Over the past year, International Business Machines (NYSE:IBM) has tried diligently to improve its business standing in emerging markets. Despite its efforts, IBM just can't get its act together in developing economies such as Brazil, Russia, India, and China, otherwise known as the BRIC nations.
IBM's revenue has fallen for several quarters in the BRIC nations, and the situation is especially difficult in China. Things are getting even more difficult there, on the news that Chinese companies in a variety of industries are ditching U.S.-based technology suppliers in favor of domestic competitors. The ripple effects are spreading, and now IBM's $2.3 billion sale of its server business to Lenovo Group Limited (NASDAQOTH:LNVGY) is in doubt.
IBM management has pledged to earn $20 per share in core operating profits by 2015. That would represent approximately 23% earnings growth over the company's 2013 operating profits per share. But with economic growth still restrained in developed markets like the United States and Europe, it's unlikely IBM will be able to reach its goal without the help of emerging markets.
Under-developed economies represent a great opportunity for technology companies, and IBM will need a meaningful contribution from emerging markets in order to hit its target by the end of next year.
IBM is missing the party
While companies across other industries plant their flags in emerging markets and realize strong growth from developing nations, IBM is missing out. Revenue in the BRIC nations fell 11% in the first quarter. To be fair, this did represent an improvement from the previous quarter. IBM's revenue fell 14% in the BRIC nations in the fourth quarter of 2013. Nevertheless, it's hard to get too excited about a company that is routinely posting double-digit revenue declines in a key geographic region.
In all, IBM posted 4% lower revenue and 15% lower adjusted operating EPS last quarter. This was only slightly better performance than last year, in which IBM's revenue fell 5%. IBM has now posted revenue declines in eight consecutive quarters. IBM's emerging markets are under-performing its other geographic regions. This is surely a disappointing performance, since IBM was counting on emerging markets, and China more specifically, as a key source of growth.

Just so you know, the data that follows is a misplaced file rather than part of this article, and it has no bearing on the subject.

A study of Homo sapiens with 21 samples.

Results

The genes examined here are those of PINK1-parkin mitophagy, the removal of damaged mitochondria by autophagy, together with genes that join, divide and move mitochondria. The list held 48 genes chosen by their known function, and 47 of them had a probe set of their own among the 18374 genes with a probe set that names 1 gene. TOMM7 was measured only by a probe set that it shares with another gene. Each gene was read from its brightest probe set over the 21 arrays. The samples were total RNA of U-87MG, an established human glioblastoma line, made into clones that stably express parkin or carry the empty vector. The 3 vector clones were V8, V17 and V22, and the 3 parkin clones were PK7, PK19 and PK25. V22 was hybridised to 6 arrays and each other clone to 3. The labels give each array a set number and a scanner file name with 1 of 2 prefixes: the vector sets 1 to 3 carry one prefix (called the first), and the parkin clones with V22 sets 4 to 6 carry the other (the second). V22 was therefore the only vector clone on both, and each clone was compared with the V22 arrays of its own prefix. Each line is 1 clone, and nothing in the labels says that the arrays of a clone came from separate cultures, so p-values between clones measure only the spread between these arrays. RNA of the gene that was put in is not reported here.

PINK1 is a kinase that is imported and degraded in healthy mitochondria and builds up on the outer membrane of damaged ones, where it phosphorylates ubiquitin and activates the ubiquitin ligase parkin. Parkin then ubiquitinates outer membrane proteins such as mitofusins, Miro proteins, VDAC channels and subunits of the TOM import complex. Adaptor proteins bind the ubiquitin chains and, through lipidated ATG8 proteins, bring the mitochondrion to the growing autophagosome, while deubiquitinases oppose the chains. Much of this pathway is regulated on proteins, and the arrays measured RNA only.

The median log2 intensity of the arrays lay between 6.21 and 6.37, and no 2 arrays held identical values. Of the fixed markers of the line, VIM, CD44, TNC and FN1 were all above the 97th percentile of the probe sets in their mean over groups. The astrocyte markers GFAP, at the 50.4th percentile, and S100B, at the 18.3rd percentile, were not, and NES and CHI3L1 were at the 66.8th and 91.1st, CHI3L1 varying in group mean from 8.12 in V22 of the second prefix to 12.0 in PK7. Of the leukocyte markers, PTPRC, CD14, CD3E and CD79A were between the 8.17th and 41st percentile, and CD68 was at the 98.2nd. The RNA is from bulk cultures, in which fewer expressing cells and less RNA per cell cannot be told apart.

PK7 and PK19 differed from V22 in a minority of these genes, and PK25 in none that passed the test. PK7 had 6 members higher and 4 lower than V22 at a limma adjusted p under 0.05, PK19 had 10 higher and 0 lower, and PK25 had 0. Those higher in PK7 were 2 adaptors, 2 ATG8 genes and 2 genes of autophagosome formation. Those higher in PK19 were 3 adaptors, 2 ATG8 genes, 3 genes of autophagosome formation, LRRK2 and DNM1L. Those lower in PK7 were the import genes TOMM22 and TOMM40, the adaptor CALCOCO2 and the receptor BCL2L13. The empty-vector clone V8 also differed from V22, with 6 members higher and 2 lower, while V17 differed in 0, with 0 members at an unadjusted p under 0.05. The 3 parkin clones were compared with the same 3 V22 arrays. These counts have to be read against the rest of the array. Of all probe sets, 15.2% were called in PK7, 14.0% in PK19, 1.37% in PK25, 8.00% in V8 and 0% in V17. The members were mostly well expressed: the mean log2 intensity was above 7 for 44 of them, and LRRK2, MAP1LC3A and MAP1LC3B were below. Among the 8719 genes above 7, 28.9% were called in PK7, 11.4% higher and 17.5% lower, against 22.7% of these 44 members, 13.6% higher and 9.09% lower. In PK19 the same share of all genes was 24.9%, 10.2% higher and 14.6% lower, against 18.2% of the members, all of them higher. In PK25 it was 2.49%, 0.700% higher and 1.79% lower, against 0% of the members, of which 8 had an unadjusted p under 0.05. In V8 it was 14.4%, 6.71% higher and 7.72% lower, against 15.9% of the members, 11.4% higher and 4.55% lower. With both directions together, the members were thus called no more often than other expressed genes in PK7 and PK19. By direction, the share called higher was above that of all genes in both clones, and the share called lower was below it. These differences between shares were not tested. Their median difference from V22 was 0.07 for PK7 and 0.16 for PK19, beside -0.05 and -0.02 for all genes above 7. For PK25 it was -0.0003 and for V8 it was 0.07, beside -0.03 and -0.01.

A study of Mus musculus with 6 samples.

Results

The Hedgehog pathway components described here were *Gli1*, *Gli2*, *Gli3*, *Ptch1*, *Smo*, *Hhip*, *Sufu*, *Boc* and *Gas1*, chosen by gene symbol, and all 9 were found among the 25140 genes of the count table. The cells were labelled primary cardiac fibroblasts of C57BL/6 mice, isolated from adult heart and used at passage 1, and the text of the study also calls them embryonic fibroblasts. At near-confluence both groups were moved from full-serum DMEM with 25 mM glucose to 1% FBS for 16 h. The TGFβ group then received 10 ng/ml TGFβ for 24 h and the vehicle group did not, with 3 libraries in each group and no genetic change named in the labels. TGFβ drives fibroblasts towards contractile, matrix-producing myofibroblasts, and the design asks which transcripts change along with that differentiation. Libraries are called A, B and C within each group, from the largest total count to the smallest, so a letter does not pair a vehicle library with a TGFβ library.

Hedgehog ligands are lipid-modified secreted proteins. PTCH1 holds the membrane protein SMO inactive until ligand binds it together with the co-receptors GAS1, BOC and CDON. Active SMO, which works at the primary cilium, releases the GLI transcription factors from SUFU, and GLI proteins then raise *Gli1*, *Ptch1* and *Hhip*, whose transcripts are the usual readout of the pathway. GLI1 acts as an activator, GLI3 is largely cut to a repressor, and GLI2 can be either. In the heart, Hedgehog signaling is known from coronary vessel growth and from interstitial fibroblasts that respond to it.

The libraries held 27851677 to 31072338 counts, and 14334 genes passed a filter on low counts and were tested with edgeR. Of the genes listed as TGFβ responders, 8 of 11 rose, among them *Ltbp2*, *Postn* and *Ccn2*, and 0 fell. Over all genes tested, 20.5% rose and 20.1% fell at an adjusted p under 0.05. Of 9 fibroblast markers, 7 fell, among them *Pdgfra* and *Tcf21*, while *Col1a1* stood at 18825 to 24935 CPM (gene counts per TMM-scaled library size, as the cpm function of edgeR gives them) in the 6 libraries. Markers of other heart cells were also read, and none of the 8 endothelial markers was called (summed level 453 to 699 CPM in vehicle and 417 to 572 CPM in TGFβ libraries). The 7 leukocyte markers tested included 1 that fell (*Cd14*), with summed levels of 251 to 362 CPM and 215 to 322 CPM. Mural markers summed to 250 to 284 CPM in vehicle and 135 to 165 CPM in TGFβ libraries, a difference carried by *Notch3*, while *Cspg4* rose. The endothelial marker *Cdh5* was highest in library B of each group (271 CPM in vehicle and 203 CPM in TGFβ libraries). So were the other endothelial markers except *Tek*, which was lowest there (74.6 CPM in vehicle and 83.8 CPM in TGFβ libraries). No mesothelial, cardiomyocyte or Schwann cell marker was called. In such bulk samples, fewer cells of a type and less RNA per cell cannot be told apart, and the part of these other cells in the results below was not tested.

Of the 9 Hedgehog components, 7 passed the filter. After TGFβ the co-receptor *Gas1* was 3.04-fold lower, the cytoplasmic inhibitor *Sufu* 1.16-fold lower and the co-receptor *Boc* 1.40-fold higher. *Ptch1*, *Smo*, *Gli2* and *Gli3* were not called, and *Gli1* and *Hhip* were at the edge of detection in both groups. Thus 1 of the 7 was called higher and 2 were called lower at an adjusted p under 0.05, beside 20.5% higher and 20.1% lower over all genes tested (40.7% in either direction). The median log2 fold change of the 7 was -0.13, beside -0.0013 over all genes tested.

Things probably won't get much easier considering the recent stance taken by many Chinese companies. Because of a desire to opt for cheaper, Chinese companies in industries ranging from e-commerce to banks are granting contracts to local suppliers at an increasing rate.
Making matters cloudier are the growing national security concerns brought forth by the U.S. government regarding IBM's potential asset sale to Lenovo. IBM had long wanted to divest its low-end server business to Lenovo for $2.3 billion. This was a key strategic initiative for IBM, which is now in doubt, because of concerns that the servers sold could be compromised in some way, according to a report from The Wall Street Journal.
The situation in China is bad, and it's not expected to improve any time soon. Revenue in China fell 20% last quarter, and IBM management admitted in its first-quarter conference call that it will take some time for the continued weakness to reverse. That's because the challenges there are cyclical in nature, and improvement is still a ways away. In the meantime, though, IBM is committed to investing in the region, signaling management's belief in the long-term trajectory of Chinese growth.
Be patient with IBM
To be sure, IBM is a highly profitable company that generates a lot of free cash flow. In turn, the company heaps billions of dollars on investors through share repurchases and dividend payments. However, you will need to exercise a lot of patience with IBM.
IBM is still declining in China, and it's going to take time for it to get its act together. The pervasive distrust between the U.S. and China only complicate matters, and it's throwing a wrench in one of IBM's strategic initiatives. As a result, you shouldn't expect IBM to return to growth in China for at least a few more quarters.
Bob Ciura has no position in any stocks mentioned. The Motley Fool owns shares of International Business Machines. Try any of our Foolish newsletter services free for 30 days. We Fools may not all hold the same opinions, but we all believe that considering a diverse range of insights makes us better investors. The Motley Fool has a disclosure policy.